Geological Survey, Western Ecological Research Center, San Diego Field Station, 4165 Spruance Road, Suite 200, San Diego, CA 92101, USA
Geological Survey, Western Ecological Research Center, Las Vegas Field Station, 160 N. Stephanie, Henderson, NV 89074, USA
Florida Museum of Natural History, University of Florida. Gainesville, FL 32611, USA
Department of Biology, Utah Valley University, 800 W. University Pkwy, Orem, UT 84058, USA
Department of Biological Sciences, Humboldt State University, 1 Harpst Street, Arcata, CA 95521, USA
Author to whom correspondence should be addressed.
Present Address: Department of Biology, San Diego State University, 5500 Campanile Dr, San Diego, CA 92182, USA.
Present Address: Museu Nacional, Departamento de Vertebrados, Universidade Federal do Rio de Janeiro, Rio de Janeiro, RJ 20940-040, Brazil.
Diversity 2013, 5(2), 293-319;
Received: 1 March 2013 / Revised: 7 March 2013 / Accepted: 1 April 2013 / Published: 15 April 2013
(This article belongs to the Special Issue Biogeography and Biodiversity Conservation)
Genetic diversity within species provides the raw material for adaptation and evolution. Just as regions of high species diversity are conservation targets, identifying regions containing high genetic diversity and divergence within and among populations may be important to protect future evolutionary potential. When multiple co-distributed species show spatial overlap in high genetic diversity and divergence, these regions can be considered evolutionary hotspots. We mapped spatial population genetic structure for 17 animal species across the Mojave Desert, USA. We analyzed these in concurrence and located 10 regions of high genetic diversity, divergence or both among species. These were mainly concentrated along the western and southern boundaries where ecotones between mountain, grassland and desert habitat are prevalent, and along the Colorado River. We evaluated the extent to which these hotspots overlapped protected lands and utility-scale renewable energy development projects of the Bureau of Land Management. While 30–40% of the total hotspot area was categorized as protected, between 3–7% overlapped with proposed renewable energy project footprints, and up to 17% overlapped with project footprints combined with transmission corridors. Overlap of evolutionary hotspots with renewable energy development mainly occurred in 6 of the 10 identified hotspots. Resulting GIS-based maps can be incorporated into ongoing landscape planning efforts and highlight specific regions where further investigation of impacts to population persistence and genetic connectivity may be warranted. View Full-Text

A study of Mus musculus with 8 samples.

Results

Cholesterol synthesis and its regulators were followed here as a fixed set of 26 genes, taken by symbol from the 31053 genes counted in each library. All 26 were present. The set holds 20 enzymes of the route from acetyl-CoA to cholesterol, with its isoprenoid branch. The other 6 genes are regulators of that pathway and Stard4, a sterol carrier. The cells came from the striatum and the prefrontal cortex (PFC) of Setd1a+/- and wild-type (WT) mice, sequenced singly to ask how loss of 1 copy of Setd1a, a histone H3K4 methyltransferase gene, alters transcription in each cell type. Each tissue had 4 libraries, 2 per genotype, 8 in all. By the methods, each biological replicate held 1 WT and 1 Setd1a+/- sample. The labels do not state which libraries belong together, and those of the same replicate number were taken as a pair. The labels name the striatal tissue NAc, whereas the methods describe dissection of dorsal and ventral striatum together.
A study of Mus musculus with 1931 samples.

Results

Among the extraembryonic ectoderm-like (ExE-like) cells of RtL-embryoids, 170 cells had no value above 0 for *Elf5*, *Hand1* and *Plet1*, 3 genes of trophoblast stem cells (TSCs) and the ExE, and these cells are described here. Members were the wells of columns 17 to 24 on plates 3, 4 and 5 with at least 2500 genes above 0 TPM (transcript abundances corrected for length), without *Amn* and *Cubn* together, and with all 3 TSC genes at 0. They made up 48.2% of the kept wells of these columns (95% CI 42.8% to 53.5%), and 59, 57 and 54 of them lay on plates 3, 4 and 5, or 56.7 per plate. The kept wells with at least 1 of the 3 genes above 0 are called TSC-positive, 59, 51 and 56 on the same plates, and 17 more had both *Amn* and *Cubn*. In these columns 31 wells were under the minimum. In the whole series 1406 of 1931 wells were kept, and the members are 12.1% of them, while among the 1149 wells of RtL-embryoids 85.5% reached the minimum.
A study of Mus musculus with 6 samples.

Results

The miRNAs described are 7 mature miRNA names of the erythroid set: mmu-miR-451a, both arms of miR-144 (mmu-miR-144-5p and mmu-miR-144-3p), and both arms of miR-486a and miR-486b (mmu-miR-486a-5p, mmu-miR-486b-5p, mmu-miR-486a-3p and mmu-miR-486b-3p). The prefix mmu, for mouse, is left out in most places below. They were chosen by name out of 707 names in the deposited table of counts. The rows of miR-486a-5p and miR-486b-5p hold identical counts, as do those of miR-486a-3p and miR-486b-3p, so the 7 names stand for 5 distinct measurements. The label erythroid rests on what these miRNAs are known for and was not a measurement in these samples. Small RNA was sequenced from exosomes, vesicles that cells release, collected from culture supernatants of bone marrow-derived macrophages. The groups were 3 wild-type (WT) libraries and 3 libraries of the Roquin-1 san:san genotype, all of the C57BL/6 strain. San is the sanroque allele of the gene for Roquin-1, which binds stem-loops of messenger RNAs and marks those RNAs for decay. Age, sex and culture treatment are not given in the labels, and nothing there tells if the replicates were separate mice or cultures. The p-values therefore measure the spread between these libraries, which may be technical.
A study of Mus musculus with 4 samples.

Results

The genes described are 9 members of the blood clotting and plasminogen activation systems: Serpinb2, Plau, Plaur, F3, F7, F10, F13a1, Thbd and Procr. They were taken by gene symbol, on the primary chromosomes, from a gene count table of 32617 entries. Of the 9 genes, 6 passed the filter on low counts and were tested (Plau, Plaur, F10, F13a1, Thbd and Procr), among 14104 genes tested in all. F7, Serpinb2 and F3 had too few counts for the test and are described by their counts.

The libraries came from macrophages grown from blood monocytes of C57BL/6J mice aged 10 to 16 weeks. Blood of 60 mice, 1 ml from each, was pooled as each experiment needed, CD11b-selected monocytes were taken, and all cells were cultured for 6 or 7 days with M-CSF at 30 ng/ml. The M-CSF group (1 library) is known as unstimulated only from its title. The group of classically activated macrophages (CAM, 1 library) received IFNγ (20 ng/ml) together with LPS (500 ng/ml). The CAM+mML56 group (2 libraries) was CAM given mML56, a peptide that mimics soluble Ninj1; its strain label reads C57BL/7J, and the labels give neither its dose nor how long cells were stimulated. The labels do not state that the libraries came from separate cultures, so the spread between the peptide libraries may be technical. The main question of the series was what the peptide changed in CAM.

Keywords: genetic diversity and divergence; wildlife conservation; renewable energy development genetic diversity and divergence; wildlife conservation; renewable energy development

Vandergast, A.G.; Inman, R.D.; Barr, K.R.; Nussear, K.E.; Esque, T.C.; Hathaway, S.A.; Wood, D.A.; Medica, P.A.; Breinholt, J.W.; Stephen, C.L.; Gottscho, A.D.; Marks, S.B.; Jennings, W.B.; Fisher, R.N. Evolutionary Hotspots in the Mojave Desert. Diversity 2013, 5, 293-319.

AMA Style

Vandergast AG, Inman RD, Barr KR, Nussear KE, Esque TC, Hathaway SA, Wood DA, Medica PA, Breinholt JW, Stephen CL, Gottscho AD, Marks SB, Jennings WB, Fisher RN. Evolutionary Hotspots in the Mojave Desert. Diversity. 2013; 5(2):293-319.

Chicago/Turabian Style

Vandergast, Amy G., Richard D. Inman, Kelly R. Barr, Kenneth E. Nussear, Todd C. Esque, Stacie A. Hathaway, Dustin A. Wood, Philip A. Medica, Jesse W. Breinholt, Catherine L. Stephen, Andrew D. Gottscho, Sharyn B. Marks, W. B. Jennings, and Robert N. Fisher 2013. "Evolutionary Hotspots in the Mojave Desert" Diversity 5, no. 2: 293-319.